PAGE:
April 11, 2002

What if?

by Chris Feeney

What if I had to deliver each newspaper by hand? Well I'm starting to wonder about this after I saw the news that the United States Postal Service once again is going to raise rates. For most people it's just another inconvenience, as stamps will increase in cost from 34 cents to 37 cents. But for newspapers this is a little more significant as the post office will hike the periodical rate 9.9 percent, effective in June. That goes on top of the 3.5 percent rate increase from last year, meaning since I have bought the paper postage has gone up more than 13 percent. When you're publishing 2,200 newspapers a week, a 13-percent price hike is pretty substantial when you figure that out over 52 weeks.

After I got my taxes done last month I sort of felt like all my hard work was going to the government. I nearly cried when I had to write that check. Now I can amend that to include the post office as well and I will be teary eyed every week when I submit my postal report along with that enlarged payment.

I may have misspoken earlier when I said it was probably no big deal to the average customer, as it just means three cents per stamp. That's not totally accurate because ultimately the average customer is going to see plenty of other price increase because of this as you know that businesses will have to pass on the postal increase in the form of higher prices. So expect your mail-order catalogue purchases to cost more. Maybe utilities will add on a postage surcharge since they stuck it to us with a fuel surcharge when the gas prices were higher. And unfortunately people can expect to see a price increase in subscriptions to their local newspapers.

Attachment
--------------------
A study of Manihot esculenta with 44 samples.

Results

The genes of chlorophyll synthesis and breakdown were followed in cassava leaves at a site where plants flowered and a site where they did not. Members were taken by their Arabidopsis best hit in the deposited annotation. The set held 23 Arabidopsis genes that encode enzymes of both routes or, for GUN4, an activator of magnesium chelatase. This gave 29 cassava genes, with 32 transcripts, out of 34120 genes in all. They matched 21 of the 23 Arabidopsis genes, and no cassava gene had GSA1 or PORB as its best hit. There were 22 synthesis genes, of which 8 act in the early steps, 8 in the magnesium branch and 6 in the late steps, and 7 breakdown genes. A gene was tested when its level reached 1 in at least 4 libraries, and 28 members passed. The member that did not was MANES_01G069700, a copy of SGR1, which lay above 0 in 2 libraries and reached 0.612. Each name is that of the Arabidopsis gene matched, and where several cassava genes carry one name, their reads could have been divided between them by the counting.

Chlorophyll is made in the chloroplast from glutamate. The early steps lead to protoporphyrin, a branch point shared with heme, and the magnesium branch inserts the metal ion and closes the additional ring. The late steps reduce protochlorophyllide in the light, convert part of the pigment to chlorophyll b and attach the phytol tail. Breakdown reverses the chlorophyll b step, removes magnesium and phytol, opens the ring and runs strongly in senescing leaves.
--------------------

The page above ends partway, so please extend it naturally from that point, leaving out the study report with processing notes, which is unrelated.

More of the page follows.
I only wish that when subscription renewals begin in December that there was a way I could transfer all the calls complaining about the higher rates directly to the Post Master General's office. Okay that's a bit extreme. I understand that the postal service is loosing business and must raise rates - that's just the facts of commerce. I also must admit, although it pains me to do so since I don't like to have to pay the price increase, it still is pretty reasonable considering what we get for our money. I suspect it would cost me more than 37 cents to get in the car and drive to California to deliver a letter.

I would like to see a little better service in the larger sorting areas, which often times can turn into newspaper graveyards. I have absolutely zero complaints about our local service, or that in the surrounding areas for that matter. But invariably I get two or three calls a week from subscribers in Florida, or Arizona or Nebraska who did not get their paper, or who are getting it a week to 10 days after publication. I notice it here, where I get a daily newspaper from St. Joseph. I go several days without receiving the newspaper and then all of a sudden I get three or four on one day. Seems like the newspapers are setting around at some sorting center and are not a top priority. I think if they are going to raise newspaper rates by 10 percent they should also strive to improve the service they give periodicals.

Everyone has a gripe, so there was mine. I took a little poke at the Postal Service at large. Again I'll stress that this is not a complaint regarding local service, as our postal carriers go out of their way to insure timely delivery of the Memphis Democrat to its readers and we truly appreciate their efforts. Hopefully this editorial will serve more to educate our readers about some possible subscription rate increases in the near future. In addition the piece was meant to offer a brief explanation regarding some of the delivery delays that readers in our farther outreaches might suffer through. I said I probably would be getting audited after I editorialized about the IRS, but I have not been (yet). I hope I can say the same thing about the postal service, meaning that they can take a little criticism but still maintain their professionalism and provide the services that we are paying for.